Team:Penn State/Codon Optimization

     <h2>Codon Optimization</h2>
<h3>Background</h3>
<h3>The Problem</h3>

Bidirectional Promoters Overview

Codon Optimization


The genetic code is a degenerate one; there are more 3-part combinations of nucleotides than there are amino acids. The topic of codon optimization-that is, the cell's preference for one codon sequence over another in translation-has been heavily researched in an effort to determine the optimal genetic sequences for an organism. This project looks at the effects of repeated amino acid sequences of varying lengths and codons and their effect on the cell.

Codon Optimization

Sample navigation menu:

Overview | Design | Results

Background

All of the proteins around us, with few exceptions, are made up of 20 fundamental building blocks of life - amino acids. Different arrangements and combinations of these basic building blocks give us the diversity of proteins that we see. Messenger RiboNucleic Acids (mRNA) is in essence a "photocopy" of DNA that codes for a gene. mRNA carry codons, which are groups of three bases that code for a single amino acid. There are 64 possible combinations of codons (4 x 4 x 4 = 64), but these combinations are degenerate, so there can be more than one codon that codes for the same amino acid.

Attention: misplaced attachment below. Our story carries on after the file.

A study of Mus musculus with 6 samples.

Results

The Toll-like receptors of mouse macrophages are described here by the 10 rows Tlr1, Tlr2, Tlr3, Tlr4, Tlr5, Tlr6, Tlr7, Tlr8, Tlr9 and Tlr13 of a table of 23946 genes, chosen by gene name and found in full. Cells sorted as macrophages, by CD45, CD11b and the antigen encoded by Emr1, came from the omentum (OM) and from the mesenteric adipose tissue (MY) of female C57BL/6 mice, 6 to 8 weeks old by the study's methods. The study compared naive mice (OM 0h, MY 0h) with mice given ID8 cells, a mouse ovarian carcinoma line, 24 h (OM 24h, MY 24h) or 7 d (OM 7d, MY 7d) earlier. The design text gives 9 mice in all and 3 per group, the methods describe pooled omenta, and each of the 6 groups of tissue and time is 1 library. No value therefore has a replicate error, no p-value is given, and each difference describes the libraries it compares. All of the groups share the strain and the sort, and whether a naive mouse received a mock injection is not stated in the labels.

The Problem

We have mentioned how these can be a number of codons that can code for the same Amino Acid, and subsequently, a number of tRNA molecules that can carry a given Amino Acid. In nature, and in many organisms, only a select few of these tRNA and codon combinations are used instead of all sequences that code for the same amino acid. This is called codon bias.

The Objective

Our goal for this project is to see which codons are preferred, or biased. We also want to investigate if this bias can change over time, different circumstances, or stresses.